Postby Dr. Goodword » Wed Sep 07, 2005 10:07 pm

• paragoge •

Pronunciation: -rê-go-jee • Hear it!

Part of Speech: Noun

Meaning: The addition of a sound to the end of a word, as children do when they pronounce dog "doggy".

Notes: Paragoge is a member of a series of common word changes, including its antonym, apocope. Apocope is the chopping off the final sound of a word, as French does whenever coup "blow, overthrow of a government" is pronounced coo. The adjective for paragoge is paragogic and the adverb, paragogically.

In Play: Paragoge is characteristic of many languages. In Finnish, a paragogic is added to many borrowed words, e.g. bench became [i]penkki and imp became imppi. All Japanese syllables must end on a vowel or [n] so, when borrowing words from languages that allow syllables to end on consonants, Japanese adds a paragogic vowel, so that hotel become hoteru while baseball becomes besuboru, with two paragogic [u]s.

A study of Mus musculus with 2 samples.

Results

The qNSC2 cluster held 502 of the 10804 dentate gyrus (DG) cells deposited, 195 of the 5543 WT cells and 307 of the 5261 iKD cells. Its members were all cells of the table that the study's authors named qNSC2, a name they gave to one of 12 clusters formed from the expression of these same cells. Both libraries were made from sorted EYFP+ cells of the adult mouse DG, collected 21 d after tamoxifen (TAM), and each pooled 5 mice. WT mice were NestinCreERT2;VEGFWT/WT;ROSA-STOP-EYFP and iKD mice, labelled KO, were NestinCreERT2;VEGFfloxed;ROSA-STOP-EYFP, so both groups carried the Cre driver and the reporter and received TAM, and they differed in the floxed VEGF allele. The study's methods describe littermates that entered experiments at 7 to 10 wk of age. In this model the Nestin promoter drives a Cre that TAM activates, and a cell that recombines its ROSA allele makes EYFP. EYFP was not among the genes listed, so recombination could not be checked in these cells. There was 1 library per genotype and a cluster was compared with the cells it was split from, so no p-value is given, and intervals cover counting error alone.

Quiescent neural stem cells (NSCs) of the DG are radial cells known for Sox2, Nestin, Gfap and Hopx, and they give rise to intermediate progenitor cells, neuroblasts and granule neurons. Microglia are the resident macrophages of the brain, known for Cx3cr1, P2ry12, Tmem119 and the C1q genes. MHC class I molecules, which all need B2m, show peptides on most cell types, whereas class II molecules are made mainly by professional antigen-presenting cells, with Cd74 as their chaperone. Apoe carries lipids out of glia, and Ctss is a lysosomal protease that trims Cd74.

Word History: Paragoge comes to us via Latin from Greek paragoge "leading by, adding to the end", based on para "by, beside" + agein "to lead". Agein is a cognate of Latin agere "to make, do" from which we derive the English word for a doer, agent, not to mention actor, acorn, and acre. The same root may be found in Sanskrit ajati "drive" and ajirah "active, moving". (Let us add a final note of gratitude to Luciano Eduardo de Oliveira, otherwise known as the Brazilian Dude in our Agora, for suggesting today's Good Word.)

My three-year-old daughter has recently taken to paragogic turns with her adjectives.

It is not unusual to hear her say something like "this one is biggerish..."


Brazilians, as well as other peoples, are prey to paragoge when speaking English, which is full of consonant clusters. Brazilian tend to add an i to the end of words that end in a consonant, except r, s, x, n, or z*(or those that start with an s before a consonant), and wind up saying things like istar and biggi. Unfortunately (?) it's not only the Japanese and Finns who do that.


Istar would be more properly called prothesis.